Out-Law Guide | 05 Nov 2010 | 9:41 am | 3 min. read
The UK's anti-bribery legislation will be overhauled in April 2011 when the Bribery Act 2010 comes into force. The Act introduces strict liability for organisations whose agents or associates engage in bribery, unless the organisation has adequate procedures in place to prevent it.
Organisations, including universities, should have full and effective anti-bribery measures in place before April to mitigate their risk.
The Bribery Act 2010 creates four key offences:
The maximum sentence is 10 years for individuals who commit such offences. Organisations are liable for an unlimited fine. It is expected that fines are likely to be defined with reference to an organisation's annual turnover, a method used when punishing anti-competitive conduct by organisations.
There is nothing groundbreaking about the first three offences, all of which apply to individuals as opposed to commercial organisations. What is new is the strict liability offence of failing to prevent bribery.
The broad definition of 'association' means an organisation will be liable for the actions of any person carrying out services for or on behalf of the organisation, in whatever capacity. It could catch any contractors, agents or subsidiary companies.
The Act has extra-territorial reach, so the bribery does not need to take place on UK soil. Further, if the organisational failures are with the consent or connivance of any senior officers of that organisation, they too could be liable for an offence under the Act.
The only defence a commercial organisation will have if charged with bribery is the defence of 'Adequate Procedures'. In summary, this means that an organisation can escape or mitigate liability if it can show that it had sufficient safeguards in place throughout the organisation designed to prevent persons associated with it from undertaking acts of bribery.
It is this element of the legislation that has had the greatest impact. Commercial organisations now have to consider and implement policies and training on bribery and corruption as well as review their approach to hospitality, gifts and charitable donations, all of which have potential for interpretation as bribes under the new legislation.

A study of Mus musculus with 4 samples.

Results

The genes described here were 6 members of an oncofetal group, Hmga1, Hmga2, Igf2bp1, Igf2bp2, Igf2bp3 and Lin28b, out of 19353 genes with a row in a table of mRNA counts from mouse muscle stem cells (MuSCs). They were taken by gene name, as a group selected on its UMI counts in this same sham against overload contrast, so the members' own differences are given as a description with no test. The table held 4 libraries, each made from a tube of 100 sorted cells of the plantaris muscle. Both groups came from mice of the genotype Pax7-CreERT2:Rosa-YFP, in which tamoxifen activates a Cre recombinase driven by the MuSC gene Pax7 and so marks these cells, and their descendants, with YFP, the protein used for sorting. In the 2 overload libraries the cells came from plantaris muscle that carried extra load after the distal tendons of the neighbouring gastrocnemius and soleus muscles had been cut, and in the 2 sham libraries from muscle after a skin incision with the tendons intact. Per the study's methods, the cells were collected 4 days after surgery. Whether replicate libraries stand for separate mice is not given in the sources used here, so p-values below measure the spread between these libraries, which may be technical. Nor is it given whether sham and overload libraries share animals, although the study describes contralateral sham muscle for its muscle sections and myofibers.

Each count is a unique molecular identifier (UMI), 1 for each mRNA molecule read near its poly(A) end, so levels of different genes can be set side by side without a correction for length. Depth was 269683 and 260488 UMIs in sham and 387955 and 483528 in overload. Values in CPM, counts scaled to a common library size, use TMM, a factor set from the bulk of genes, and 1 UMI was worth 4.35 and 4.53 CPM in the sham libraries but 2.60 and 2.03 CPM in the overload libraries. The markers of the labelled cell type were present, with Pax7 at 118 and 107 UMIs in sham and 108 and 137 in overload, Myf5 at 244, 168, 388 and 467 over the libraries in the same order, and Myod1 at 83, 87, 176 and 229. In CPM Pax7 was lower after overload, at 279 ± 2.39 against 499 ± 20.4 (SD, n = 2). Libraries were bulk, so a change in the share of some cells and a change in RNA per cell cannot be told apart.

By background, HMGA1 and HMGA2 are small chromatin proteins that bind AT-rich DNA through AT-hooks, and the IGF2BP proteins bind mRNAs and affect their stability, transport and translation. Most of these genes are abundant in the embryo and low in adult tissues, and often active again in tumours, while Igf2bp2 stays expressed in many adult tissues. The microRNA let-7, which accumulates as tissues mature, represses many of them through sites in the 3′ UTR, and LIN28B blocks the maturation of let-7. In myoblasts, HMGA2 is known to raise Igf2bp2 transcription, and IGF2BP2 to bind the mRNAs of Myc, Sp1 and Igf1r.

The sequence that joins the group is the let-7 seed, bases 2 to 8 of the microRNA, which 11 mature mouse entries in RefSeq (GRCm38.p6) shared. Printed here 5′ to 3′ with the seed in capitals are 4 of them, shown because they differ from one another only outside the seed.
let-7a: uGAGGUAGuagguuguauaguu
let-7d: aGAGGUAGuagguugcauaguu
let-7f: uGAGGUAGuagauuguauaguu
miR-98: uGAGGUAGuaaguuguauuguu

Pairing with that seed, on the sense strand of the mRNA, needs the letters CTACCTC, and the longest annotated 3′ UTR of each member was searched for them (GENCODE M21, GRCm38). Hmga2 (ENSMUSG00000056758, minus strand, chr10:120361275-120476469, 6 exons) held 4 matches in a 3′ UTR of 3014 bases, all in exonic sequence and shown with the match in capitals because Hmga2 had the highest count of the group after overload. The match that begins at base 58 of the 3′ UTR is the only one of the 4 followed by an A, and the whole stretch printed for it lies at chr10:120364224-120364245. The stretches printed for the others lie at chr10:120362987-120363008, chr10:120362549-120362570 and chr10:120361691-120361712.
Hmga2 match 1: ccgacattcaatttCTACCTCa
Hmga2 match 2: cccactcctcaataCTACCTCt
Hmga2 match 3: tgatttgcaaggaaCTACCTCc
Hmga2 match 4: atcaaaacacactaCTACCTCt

Although the Act is focused on 'commercial organisations,' it could apply to universities, notwithstanding their position as charitable institutions. Firstly, individuals within universities could be involved in an activity which could constitute an offence under the new Act, for example in connection with the misappropriation of grants or data manipulation in funded research. Secondly, as more universities conduct international and private sector ventures, paid-for commercial research and other commercial activities to make up public funding shortfalls, there is scope for corrupt practices to become more widespread among persons 'associated' with them. These activities also increase the scope for prosecutors to treat universities as 'commercial organisations'. Consequently, a university could be charged with failing to prevent bribery.
Richard Alderman of the Serious Fraud Office warned that a 'strong anti-corruption culture' is pivotal and universities will need to ensure that they have robust systems and procedures in order to defend any prosecution under the Act.
Universities should appoint a compliance officer who can report on and assist in the implementation of preventative measures.
Obvious areas of attention include:
As long as there is an awareness of the risks, and implementation of adequate measures to guard against them, then any institution will substantially mitigate the risk of being held criminally liable for the actions of individuals. The key is to assess the risks and act accordingly.